A US Court of Appeals in Washington DC on Monday expressed skepticism of Federal Communication Commission (FCC) Internet access rules, according to a report in the Washington Post this morning.
Verizon, a US telecommunications company, is challenging a net-neutrality order adopted by the FCC in 2010, which states that Internet service providers (ISPs) cannot block lawful content and mobile broadband providers cannot block lawful websites.
Verizon is arguing that the FCC has acted outside of its remit, and that the order contradicts US communications law. The company even argued the order violates its constitutional rights and that it has a free speech right to block or degrade content under the First Amendment.
Three judges questioned an FCC lawyer on the agency’s legal basis for creating its net neutrality rules. At times, two of the judges appeared to agree with Verizon’s critique that a portion of the net-neutrality rules prevent a broadband provider from striking fast-lane deals with websites, according to the Washington Post.
Verizon attorney Helgi Walker argued that the rules hinder new investment in networks. She said telecom and cable companies want to explore partnerships with websites that could bring in new revenue sources.
“But for these rules, we could be pursuing those types of commercial arrangements,” she was quoted as saying. “My client wants freedom to explore that.”
Broadband providers are keen to escape regulation that forces them to deliver all Web content equally. The current rules stop them from creating ‘fast lanes’ for websites willing to pay more for VIP delivery of their content into homes. Such deals would enable Verizon to charge Netflix extra for faster delivery of its streaming videos, for example.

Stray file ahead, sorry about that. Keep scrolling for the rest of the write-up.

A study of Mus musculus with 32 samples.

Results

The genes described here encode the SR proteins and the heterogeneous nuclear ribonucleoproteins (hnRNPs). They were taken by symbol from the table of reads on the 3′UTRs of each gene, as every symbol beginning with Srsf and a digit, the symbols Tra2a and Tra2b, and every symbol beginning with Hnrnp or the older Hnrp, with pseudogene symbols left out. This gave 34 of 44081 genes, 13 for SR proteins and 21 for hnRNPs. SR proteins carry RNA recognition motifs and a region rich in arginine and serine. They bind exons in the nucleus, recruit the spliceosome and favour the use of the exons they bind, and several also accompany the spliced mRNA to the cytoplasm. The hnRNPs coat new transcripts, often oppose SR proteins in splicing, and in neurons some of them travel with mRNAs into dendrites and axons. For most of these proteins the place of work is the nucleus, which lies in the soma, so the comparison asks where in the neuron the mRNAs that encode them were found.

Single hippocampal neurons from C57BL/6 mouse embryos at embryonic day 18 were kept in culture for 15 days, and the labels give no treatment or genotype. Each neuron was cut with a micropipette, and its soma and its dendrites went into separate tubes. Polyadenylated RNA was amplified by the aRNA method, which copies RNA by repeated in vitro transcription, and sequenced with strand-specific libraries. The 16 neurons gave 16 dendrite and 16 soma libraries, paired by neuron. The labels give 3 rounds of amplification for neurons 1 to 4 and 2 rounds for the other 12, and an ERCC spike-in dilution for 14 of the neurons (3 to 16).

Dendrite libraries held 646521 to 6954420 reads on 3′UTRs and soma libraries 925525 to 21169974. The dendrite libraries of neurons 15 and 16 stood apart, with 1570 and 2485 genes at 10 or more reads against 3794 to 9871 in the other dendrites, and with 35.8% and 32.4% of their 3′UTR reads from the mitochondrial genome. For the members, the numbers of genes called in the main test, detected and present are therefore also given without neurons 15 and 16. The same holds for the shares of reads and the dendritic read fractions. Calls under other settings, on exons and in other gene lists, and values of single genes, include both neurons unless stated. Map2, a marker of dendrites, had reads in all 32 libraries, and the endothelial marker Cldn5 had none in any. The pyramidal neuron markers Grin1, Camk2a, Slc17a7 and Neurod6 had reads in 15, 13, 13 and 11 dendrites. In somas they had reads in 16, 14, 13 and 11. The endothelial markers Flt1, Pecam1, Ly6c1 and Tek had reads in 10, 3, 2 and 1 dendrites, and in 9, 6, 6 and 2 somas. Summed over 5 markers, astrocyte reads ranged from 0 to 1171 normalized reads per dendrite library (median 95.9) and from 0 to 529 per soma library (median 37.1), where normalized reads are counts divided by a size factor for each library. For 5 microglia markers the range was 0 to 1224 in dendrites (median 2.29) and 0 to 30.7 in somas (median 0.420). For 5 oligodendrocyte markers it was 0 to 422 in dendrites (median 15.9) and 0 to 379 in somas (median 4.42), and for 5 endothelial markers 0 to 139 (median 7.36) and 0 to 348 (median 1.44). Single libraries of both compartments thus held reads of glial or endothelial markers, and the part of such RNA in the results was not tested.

The FCC has countered Verizon’s arguments, claiming the rules are necessary to bolster innovation and that preventing blocked or degraded services protects US consumers. The FCC defended its rules on the basis of “multiple incidents of broadband providers interfering with their customers’ ability to use Internet services, from file-sharing services to Internet-based telephony”.
The FCC also claimed powerful incentives exist for ISPs “to discriminate among edge providers and to block customer access to Internet sites of their choosing”.
Analysts say the applicable law concerning the FCC’s mandate does not clearly delineate its powers over broadband services. If the judges rule against the FCC, the agency could see its powers curtailed.
The court is set to focus on answering two questions in settling the dispute, rather than philosophical arguing. Namely, did the FCC have the authority to make the net neutrality rules? Even if it did, does something else prohibit the FCC from exercising that authority here?
The outcome is critical for US consumers, who face the very real possibility that ISPs could block access to content, applications, services and devices of their choosing.